A big-headed boy, a small-headed dad, and happy goats.

Mingbai (明白, meaning “understand”), written by Christian Føhrby and Deng Jie, is a daily newsletter that drops knowledge on things “everyone in China knows, but almost nobody outside the country knows.” Sign up for their newsletter at GetMingbai.com.


If you grew up in the English-speaking world, you were probably shaped in some little way by Disney, Sesame Street, or Cartoon Network. You also probably don’t know what kids in China were watching all this time.

Today’s Mingbai introduces two kids’ TV shows that everyone in China knows, one from the 1990s and one from the 2000s.

大头儿子和小头爸爸 (Dàtóu Érzi hé Xiăotóu Bàba), Big Head Son and Small Head Dad, was an animated series seen by every self-respecting 1990s child in China.

The show follows a typical family consisting of a boy with a huge head, his father with a tiny head, and the mother who always wears an apron.

Each episode tells a lighthearted yet educational story about family values: In one episode, the son, named simply “Big Head Son,” learns to overcome his fear of swimming in the ocean. In another, the father, named simply “Small Head Dad,” learns that even parents must keep their promises, when he misses a zoo trip because of overtime work, and the son gets into all kinds of trouble.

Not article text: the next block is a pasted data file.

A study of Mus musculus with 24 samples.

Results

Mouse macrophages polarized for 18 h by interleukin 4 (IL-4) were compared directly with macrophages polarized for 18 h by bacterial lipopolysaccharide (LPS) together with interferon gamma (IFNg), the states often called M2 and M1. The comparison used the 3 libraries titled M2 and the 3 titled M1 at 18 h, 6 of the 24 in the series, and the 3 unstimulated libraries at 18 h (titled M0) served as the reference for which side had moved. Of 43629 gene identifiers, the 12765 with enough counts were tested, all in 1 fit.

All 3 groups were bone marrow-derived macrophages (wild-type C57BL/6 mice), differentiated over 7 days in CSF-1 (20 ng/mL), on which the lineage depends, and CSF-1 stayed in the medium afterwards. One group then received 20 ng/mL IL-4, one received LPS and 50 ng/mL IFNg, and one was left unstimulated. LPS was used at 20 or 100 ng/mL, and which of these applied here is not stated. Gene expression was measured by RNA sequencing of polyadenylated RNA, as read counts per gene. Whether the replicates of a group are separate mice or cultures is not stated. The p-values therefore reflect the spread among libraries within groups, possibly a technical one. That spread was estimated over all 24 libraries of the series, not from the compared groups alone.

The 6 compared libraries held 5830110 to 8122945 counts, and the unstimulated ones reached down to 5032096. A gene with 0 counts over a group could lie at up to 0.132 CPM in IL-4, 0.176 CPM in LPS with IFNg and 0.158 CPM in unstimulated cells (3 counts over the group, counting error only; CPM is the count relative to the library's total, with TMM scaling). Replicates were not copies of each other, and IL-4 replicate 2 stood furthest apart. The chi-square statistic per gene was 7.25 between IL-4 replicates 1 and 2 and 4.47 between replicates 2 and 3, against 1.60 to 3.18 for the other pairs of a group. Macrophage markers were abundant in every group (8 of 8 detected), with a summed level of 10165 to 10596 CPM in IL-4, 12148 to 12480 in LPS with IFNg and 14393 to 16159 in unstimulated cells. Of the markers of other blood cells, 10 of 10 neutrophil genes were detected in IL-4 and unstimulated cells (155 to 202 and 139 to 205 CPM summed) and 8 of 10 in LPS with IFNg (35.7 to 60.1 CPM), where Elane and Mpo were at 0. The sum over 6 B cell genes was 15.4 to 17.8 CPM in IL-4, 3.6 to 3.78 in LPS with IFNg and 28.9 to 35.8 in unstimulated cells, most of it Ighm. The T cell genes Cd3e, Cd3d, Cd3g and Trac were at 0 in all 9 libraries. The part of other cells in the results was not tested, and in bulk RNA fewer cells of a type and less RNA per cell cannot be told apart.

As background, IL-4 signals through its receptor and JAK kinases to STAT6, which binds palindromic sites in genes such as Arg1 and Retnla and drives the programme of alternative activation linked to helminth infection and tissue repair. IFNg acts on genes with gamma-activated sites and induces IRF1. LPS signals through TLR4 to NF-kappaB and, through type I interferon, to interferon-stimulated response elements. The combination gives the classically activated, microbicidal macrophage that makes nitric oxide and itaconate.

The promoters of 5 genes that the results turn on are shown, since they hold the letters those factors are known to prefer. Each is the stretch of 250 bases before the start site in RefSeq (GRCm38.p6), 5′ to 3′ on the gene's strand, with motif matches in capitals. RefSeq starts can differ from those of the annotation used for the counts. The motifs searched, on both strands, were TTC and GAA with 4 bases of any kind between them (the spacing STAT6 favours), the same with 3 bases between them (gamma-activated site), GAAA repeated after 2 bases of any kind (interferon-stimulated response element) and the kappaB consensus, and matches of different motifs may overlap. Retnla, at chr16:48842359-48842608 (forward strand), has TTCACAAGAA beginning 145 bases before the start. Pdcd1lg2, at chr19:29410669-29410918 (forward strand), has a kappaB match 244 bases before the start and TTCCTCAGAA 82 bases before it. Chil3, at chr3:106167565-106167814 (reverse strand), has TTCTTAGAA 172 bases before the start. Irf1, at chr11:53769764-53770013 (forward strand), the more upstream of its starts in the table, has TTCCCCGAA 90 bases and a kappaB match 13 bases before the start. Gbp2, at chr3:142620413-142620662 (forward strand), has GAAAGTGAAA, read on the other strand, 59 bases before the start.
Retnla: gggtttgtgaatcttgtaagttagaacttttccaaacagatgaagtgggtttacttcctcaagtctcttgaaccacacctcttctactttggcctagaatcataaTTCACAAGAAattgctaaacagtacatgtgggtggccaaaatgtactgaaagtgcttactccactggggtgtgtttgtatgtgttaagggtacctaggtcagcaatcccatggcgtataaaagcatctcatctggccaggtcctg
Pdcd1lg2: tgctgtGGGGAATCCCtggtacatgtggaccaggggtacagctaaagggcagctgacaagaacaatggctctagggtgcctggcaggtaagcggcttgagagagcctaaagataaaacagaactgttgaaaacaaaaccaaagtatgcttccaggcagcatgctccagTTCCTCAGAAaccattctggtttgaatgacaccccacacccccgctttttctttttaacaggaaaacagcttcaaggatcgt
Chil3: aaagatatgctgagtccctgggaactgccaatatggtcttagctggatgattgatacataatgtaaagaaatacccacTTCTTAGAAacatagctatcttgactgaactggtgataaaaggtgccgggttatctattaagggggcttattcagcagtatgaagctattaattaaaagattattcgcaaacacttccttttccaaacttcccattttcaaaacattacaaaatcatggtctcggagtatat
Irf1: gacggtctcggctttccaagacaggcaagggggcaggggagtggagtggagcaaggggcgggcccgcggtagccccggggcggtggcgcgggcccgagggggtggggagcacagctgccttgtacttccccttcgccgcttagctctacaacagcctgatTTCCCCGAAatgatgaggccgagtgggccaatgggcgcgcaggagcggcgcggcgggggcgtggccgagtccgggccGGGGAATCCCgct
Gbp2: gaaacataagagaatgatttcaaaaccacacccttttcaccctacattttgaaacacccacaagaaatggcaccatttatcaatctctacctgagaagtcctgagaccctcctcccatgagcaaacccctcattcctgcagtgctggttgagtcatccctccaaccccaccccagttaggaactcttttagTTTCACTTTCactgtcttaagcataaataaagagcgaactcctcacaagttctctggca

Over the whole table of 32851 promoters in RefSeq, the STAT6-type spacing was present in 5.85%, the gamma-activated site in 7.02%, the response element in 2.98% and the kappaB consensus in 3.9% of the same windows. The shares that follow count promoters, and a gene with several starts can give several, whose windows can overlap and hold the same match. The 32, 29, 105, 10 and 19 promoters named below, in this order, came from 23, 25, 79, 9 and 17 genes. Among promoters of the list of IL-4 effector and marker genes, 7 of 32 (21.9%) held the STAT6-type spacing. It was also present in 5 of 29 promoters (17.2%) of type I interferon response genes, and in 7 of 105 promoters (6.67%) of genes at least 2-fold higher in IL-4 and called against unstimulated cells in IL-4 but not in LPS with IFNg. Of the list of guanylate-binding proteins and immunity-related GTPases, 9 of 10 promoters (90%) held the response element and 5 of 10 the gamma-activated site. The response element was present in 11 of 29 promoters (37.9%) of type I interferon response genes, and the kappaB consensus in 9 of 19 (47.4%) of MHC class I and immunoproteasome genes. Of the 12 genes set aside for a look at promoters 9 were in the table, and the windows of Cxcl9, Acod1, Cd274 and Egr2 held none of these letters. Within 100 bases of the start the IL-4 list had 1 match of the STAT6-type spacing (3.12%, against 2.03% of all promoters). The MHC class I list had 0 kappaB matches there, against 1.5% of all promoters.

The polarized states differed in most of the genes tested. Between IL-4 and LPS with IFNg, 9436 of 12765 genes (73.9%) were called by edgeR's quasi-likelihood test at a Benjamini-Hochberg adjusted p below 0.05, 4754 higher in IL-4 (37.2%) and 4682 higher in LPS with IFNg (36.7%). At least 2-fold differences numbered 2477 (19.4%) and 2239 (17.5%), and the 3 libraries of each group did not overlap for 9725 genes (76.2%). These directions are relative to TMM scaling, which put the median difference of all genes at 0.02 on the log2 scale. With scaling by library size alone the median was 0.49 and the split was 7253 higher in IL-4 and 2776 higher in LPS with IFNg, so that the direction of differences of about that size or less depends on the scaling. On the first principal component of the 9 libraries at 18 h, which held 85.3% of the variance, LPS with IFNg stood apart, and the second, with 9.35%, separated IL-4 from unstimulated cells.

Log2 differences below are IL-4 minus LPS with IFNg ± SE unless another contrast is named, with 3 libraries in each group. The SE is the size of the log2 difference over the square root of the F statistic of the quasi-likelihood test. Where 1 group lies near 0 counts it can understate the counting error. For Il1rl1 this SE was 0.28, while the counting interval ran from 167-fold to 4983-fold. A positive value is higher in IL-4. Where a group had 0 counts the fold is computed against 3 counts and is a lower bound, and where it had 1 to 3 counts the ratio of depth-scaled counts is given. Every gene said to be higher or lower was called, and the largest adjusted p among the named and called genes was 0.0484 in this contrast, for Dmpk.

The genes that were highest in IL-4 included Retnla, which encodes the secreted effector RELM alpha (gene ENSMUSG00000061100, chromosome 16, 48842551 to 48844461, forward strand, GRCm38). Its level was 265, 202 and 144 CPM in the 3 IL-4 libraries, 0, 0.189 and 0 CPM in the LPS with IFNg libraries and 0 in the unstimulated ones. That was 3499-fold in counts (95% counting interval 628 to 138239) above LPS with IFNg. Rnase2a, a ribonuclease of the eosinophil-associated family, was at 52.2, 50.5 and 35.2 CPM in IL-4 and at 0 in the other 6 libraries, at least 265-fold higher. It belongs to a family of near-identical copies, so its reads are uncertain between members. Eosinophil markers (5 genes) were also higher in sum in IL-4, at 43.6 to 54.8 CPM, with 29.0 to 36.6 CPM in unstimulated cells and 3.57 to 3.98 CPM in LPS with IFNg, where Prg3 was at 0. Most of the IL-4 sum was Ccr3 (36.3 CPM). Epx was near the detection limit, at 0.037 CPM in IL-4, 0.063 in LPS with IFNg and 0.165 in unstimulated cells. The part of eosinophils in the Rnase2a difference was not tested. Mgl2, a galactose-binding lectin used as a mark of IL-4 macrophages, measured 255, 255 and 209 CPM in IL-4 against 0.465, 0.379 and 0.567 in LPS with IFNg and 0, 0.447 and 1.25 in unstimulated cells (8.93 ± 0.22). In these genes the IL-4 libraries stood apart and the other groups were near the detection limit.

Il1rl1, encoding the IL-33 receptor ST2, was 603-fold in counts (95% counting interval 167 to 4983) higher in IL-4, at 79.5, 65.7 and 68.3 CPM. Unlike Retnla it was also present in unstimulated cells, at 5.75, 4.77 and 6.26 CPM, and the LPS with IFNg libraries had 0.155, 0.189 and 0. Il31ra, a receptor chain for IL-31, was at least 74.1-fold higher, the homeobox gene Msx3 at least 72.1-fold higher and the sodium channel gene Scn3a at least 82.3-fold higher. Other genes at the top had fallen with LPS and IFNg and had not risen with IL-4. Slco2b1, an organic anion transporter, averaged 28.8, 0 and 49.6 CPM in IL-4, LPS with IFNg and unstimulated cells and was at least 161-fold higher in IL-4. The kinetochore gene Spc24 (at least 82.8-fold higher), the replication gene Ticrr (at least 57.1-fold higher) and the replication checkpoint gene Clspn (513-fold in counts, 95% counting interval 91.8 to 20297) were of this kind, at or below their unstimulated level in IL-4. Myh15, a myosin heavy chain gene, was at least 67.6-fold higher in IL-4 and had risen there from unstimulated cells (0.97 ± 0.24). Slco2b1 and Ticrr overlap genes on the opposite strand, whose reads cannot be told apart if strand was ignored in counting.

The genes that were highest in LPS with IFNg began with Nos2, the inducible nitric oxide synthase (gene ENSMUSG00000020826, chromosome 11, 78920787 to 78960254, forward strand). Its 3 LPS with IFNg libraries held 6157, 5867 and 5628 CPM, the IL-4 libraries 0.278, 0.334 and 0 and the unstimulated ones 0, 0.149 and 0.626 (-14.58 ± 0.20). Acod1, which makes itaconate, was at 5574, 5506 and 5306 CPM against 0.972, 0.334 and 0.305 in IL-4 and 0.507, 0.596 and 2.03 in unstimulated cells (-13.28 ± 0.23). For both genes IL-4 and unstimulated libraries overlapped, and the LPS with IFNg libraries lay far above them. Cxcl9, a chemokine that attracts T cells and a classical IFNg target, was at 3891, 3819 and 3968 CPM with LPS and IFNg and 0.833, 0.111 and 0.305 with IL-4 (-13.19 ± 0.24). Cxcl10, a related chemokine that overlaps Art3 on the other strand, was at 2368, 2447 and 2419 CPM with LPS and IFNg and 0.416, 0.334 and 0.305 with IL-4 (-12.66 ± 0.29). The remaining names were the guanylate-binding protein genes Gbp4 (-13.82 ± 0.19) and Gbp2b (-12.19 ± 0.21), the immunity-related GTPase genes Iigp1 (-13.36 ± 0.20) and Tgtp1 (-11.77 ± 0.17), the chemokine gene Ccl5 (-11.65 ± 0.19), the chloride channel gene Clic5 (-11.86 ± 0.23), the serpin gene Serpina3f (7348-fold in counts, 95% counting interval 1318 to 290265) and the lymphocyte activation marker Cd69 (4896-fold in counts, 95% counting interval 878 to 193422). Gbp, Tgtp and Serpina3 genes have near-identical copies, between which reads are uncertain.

The theme music is universally recognizable by the ’90s generation and their parents. A remake of the show was run in 2013, and there have also been two feature-length movies featuring the happy family.

Fast-forward in time, to the present millennium: 喜羊羊 (Xĭ Yángyáng), literally “Pleasant Goat,” is a much-loved character in the cartoon that bears its name: 喜羊羊与灰太狼 (Xǐyángyáng yǔ Huītàiláng, Pleasant Goat and Big Big Wolf). A happy primary school goat living in the Green-Green Pastures, he spends his time hanging out with his friends (who are named after their character traits just like the Smurfs, including Lazy Goat 懒羊羊 and Beautiful Goat 美羊羊) and trying to avoid being eaten by the big, bad wolf.

The wolf tries to catch the sheep in each episode, usually concocting some inventive ploy, a lot like Wile E. Coyote from Looney Tunes. He fails epically in every episode, often resulting in his narcissistic wife hitting him with a frying pan.

Kids watching the show are usually unaware of the many brilliant puns and references to famous people that it includes, but every schoolchild knows the characters from the show, and one can’t walk far down a Chinese street without seeing the happy goat and his friends on a backpack or T-shirt.

So fluffy.

Did you ever watch either show? Which do you enjoy more? Drop us a comment — and come back next Wednesday for more Mingbai.



2 Comments

  1. Ian Reply

    I once did a lesson on family terms where I had my teenage students fill out a family tree for Xiyangyang. At first they completely denied knowing enough about Xiyangyang to do this, but between them we had that thing complete out to five generations.

  2. Paul Reply

    I signed up to receive Mingbai, then received three issues, up to number 70, then no more. Signed up twice again since and received no issues. Something is wrong with the sign up process or some kinda glitch somewhere.